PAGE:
The great thing about going to the US is that you know you are going to meet some interesting characters.
And the few remaining businesses on Route 66 houses some of the most eccentric. Before 66 turned into a major tourist attraction, the numbers of people visiting these road-side stops must have dropped to nearly nothing. Many businesses have shut down or moved, but a few remained open throughout like the 1924 Ariston Cafe.
It was 3pm and I had agreed to meet my landlord in St. Louis at 4pm, still about 60 miles away, but when I saw the sign “Hare it is! Henry’s Rabbit Ranch” I realised I had no choice but to pull over and check it out.
Run by Rich Henry and his wife, this appears like an old-fashioned gas station, although it is actually a folly errected in the 80s. Rich is an insurer by trade and there is no family connection to the road, but he noticed when driving 66 there was only 7 places to buy collectibles on its entire length, so he decided to start up his own gift shop.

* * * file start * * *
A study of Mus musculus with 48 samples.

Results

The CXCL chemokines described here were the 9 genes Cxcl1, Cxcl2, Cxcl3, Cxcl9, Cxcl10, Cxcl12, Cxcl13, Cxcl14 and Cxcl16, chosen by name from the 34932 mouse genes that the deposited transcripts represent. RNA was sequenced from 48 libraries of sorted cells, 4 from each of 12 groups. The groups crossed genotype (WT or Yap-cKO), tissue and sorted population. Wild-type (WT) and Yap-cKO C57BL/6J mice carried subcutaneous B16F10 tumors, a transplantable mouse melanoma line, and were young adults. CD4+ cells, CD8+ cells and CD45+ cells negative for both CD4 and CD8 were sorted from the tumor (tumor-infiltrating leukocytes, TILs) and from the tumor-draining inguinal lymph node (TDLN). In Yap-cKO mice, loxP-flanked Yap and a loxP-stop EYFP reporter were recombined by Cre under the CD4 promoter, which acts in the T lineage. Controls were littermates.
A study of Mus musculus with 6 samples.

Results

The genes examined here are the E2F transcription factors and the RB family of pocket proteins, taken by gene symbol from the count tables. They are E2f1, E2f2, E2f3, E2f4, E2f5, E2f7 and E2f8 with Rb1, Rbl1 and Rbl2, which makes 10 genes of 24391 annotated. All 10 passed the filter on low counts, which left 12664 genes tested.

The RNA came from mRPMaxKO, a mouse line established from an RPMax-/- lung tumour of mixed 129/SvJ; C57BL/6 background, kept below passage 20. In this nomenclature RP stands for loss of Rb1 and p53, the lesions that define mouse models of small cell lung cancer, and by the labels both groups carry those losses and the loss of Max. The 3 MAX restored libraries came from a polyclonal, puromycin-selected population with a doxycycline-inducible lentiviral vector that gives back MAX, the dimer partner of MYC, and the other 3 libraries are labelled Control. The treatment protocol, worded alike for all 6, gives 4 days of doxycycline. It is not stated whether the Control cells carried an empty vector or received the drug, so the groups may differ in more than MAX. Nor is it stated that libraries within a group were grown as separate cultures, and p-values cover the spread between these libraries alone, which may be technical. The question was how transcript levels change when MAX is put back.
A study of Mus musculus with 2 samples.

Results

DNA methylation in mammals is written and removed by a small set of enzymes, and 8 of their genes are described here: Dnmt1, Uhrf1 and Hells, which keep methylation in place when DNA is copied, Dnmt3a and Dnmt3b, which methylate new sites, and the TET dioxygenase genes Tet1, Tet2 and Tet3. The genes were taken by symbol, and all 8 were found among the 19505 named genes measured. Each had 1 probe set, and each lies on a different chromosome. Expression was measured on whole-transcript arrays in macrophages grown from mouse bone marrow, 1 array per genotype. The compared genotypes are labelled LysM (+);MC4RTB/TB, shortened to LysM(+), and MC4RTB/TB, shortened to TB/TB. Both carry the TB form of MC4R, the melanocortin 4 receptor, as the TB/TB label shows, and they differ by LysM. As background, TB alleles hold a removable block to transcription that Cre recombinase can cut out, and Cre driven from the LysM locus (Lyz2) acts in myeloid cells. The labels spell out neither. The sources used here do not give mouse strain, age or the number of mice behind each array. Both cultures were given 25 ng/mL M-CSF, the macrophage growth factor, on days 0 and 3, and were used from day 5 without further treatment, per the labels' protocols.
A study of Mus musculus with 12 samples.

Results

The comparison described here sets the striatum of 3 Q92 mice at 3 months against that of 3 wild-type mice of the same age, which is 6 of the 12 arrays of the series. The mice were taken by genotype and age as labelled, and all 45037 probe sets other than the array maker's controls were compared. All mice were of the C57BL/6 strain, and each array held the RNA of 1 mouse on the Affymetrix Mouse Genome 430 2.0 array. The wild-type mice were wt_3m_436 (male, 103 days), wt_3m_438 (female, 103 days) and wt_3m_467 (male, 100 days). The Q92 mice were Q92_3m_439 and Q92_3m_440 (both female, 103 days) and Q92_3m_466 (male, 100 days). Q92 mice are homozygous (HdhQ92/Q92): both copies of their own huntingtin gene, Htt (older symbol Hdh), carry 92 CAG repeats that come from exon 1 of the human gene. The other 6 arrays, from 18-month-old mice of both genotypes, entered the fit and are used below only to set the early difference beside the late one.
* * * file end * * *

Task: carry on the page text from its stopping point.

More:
But Rich is also a rabbit enthusiast, and spends much of his time looking after unwanted and neglected domestic rabbits. So there is a strange mixture of 66 stuff and rabbit stuff.
One of his rabbits, Montana, had achieved a kind of celebrity status and Rich told me that before his untimely death, they had him running for president – the reasons being:
1. He’s black – like Obama
2. He’s female – like Hillary
and 3. He’s old – like Joe Biden.
Sounded like a sure bet to me.
Rich is actually totally obsessed with rabbits and this part of his personality seems to have trumped his love for the mother road.
He spent a great deal of time talking about them. One thing he had noticed, he said, was that when the rabbits died they almost always died when he was holding them. He also thought they died most frequently on a Sunday. He thought the Lord may have had something to do with that.
He seemed quite choked at this point. I made my excuses and left.